Harold Fredrick Shipman was convicted at Preston Crown Court on 31 January 2000 of the murder of 15 of his patients while he was a General Practitioner at Market Street, Hyde, near Manchester and of one count of forging a will. He was sentenced to life imprisonment.
On 1 February 2000, the Secretary of State for Health announced that an independent private inquiry would take place to establish what changes to current systems should be made in order to safeguard patients in the future. The Inquiry's First Report was published on 19 July 2002 and its Final Report on 27 January 2005.
Death Disguised published 19 July 2002
In the Inquiry's First Report, the Chairman, Dame Janet Smith DBE, considered how many patients Shipman killed, the means employed and the period over which the killings took place.
The Police Investigation of March 1998 published 14 July 2003
In the Inquiry's Second Report, the Chairman, Dame Janet Smith DBE, examined the conduct of the police investigation into Shipman that took place in March 1998 and failed to uncover his crimes.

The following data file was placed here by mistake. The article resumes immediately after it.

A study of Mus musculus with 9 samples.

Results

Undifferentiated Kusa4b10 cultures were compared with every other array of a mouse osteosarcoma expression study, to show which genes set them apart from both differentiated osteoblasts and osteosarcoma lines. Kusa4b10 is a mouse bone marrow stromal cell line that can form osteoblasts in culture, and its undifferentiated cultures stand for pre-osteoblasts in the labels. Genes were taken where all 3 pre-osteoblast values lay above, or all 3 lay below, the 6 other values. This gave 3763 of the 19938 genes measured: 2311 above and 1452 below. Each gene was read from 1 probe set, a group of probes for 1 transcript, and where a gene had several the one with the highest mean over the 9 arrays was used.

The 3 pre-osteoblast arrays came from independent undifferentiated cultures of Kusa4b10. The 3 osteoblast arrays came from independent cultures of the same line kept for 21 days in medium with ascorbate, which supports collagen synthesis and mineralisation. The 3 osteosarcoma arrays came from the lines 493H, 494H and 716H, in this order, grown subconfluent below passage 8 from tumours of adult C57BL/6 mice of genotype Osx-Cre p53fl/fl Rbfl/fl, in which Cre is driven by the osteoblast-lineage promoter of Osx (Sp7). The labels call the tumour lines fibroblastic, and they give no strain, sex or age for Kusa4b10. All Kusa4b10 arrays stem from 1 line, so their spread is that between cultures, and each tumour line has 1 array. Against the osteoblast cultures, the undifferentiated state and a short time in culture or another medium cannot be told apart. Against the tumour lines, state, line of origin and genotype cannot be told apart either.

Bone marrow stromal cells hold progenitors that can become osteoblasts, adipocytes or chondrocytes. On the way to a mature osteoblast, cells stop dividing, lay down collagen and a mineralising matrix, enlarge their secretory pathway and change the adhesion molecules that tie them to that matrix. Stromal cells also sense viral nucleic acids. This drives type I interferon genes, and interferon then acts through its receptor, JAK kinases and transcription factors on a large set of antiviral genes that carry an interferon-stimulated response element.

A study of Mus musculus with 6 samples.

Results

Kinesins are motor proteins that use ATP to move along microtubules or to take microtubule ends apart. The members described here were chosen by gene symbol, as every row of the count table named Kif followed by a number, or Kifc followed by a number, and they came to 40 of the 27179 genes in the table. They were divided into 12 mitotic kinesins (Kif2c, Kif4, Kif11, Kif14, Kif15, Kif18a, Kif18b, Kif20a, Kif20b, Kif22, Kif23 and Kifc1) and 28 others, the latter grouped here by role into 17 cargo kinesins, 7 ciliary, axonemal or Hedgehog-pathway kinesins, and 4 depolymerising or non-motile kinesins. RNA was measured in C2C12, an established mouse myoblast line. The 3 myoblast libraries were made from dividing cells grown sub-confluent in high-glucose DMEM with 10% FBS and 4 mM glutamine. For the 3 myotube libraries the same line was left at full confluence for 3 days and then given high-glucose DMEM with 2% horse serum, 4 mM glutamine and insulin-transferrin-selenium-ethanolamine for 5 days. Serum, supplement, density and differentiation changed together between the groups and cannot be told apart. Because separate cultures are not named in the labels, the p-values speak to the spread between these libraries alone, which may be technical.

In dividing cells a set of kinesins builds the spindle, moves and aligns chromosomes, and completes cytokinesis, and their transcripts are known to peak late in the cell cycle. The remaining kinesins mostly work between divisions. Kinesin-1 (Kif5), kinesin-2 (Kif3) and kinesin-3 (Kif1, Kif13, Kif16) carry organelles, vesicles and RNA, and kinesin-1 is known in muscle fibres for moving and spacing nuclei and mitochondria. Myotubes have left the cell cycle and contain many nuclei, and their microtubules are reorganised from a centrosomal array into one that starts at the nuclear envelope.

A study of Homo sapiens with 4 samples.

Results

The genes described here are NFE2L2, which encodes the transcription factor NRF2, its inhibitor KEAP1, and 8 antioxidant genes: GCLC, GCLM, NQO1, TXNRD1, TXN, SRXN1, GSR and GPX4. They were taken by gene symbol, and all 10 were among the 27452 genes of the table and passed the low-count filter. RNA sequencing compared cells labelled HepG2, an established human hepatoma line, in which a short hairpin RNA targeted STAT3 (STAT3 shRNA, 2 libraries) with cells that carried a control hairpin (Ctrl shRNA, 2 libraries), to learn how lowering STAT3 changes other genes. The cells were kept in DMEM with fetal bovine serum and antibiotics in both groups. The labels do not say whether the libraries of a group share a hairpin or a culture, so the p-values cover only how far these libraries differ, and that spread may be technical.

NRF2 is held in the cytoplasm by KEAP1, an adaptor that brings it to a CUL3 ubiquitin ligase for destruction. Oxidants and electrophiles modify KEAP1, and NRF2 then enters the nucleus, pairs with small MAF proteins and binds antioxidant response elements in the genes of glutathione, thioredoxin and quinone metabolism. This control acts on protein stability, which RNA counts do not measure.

Death Certification and the Investigation of Deaths by Coroners published 14 July 2003
In the Inquiry's Third Report, the Chairman, Dame Janet Smith DBE, considered the present system for death and cremation certification and for the investigation of deaths by coroners, together with the conduct of those who had operated those systems in the aftermath of the deaths of Shipman's victims. She has made recommendations for change based on her findings.
The Regulation of Controlled Drugs in the Community published 15 July 2004
In the Inquiry’s Fourth Report, the Chairman, Dame Janet Smith DBE, considered the systems for the management and regulation of controlled drugs, together with the conduct of those who operated those systems. She has made recommendations for change based upon her findings.
Safeguarding Patients: Lessons from the Past - Proposals for the Future published 9 December 2004
In the Inquiry’s Fifth Report, the Chairman, Dame Janet Smith DBE, considered the handling of complaints against general practitioners (GPs), the raising of concerns about GPs, General Medical Council procedures and its proposal for revalidation of doctors. She has made recommendations for change based upon her findings.